Wine production is expected to increase by 13-21% to between 42.6 million and 45.6 million hectoliters, the ministry predicted in its initial 2022 outlook.

One hectolitre is the equivalent of 100 liters or 133 standard wine bottles.

In fact, the forecast range is above the five-year average at 7%, it said.

Most areas had more favorable weather than last year for the vines to bloom, except in parts of the southwest that were hit by frost and hail, the ministry said.

“Under these conditions, production in all wine regions, with the exception of Charentes, tends to increase compared to last year,” said a report.

“However, soil drought combined with heat waves could limit this increase if they persist until harvest.”

The French agricultural sector, the largest in the European Union, fears mounting losses from the country’s worst drought ever, fueled by successive heat waves.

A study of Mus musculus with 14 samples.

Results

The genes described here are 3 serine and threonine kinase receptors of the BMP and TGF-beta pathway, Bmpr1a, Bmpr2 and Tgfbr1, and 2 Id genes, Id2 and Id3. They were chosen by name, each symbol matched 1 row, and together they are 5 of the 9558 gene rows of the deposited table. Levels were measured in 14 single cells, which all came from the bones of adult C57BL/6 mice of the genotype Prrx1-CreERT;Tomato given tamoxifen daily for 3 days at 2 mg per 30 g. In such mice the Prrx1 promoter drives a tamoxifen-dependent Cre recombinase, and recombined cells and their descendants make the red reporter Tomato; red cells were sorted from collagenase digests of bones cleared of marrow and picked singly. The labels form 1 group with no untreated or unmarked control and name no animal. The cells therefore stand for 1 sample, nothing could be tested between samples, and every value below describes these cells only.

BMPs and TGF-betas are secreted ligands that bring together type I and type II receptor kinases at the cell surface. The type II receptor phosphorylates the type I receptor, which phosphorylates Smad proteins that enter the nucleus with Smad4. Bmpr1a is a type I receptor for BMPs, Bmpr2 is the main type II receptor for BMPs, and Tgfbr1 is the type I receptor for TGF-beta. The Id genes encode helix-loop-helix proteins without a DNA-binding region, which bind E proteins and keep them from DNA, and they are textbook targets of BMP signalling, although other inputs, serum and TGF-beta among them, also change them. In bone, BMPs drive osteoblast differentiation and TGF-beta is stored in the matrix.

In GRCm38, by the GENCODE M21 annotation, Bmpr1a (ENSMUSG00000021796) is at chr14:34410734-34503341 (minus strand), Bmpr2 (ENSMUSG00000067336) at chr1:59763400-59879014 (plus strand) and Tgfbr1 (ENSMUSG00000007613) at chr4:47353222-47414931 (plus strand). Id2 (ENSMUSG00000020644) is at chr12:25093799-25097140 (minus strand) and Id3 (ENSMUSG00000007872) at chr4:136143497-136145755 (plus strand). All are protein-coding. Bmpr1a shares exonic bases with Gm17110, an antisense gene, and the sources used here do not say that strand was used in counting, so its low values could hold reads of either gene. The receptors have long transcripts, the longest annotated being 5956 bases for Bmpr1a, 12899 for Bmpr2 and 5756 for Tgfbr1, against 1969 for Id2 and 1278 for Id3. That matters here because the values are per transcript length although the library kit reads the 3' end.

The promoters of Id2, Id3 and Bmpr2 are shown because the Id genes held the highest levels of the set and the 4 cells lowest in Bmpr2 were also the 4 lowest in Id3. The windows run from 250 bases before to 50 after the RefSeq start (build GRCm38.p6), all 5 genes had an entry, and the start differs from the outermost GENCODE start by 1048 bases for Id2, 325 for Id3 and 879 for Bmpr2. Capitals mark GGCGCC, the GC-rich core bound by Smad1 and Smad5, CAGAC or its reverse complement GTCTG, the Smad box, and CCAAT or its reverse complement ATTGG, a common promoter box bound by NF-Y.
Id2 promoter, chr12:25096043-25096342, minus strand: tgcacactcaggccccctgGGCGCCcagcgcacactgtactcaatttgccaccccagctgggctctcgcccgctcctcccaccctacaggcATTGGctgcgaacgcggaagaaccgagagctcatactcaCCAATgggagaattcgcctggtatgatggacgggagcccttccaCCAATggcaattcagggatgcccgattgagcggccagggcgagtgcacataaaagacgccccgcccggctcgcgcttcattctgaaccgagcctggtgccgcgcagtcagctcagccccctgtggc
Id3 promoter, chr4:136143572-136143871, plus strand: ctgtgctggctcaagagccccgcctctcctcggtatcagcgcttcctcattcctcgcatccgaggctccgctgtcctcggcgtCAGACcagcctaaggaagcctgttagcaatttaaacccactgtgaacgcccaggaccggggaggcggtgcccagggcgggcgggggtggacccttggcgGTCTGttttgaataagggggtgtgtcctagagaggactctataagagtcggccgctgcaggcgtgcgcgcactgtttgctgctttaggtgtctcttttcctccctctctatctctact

Dry, warm weather this year had reduced disease pressure on the vines and would also lead to an early start to the grape harvest, the ministry said.

The drought nevertheless affected grapes in regions such as Alsace in the east and Languedoc-Roussillon in the far south-west, while harvesting potential in Burgundy started to curb.

Production in Bordeaux would fall below the five-year average after frost and hail damaged some 10,000 hectares of varying degrees, the ministry added.

The Champagne region was poised for a good harvest with production above the five-year average, helped by rainfall in June and limited wine disease, it said.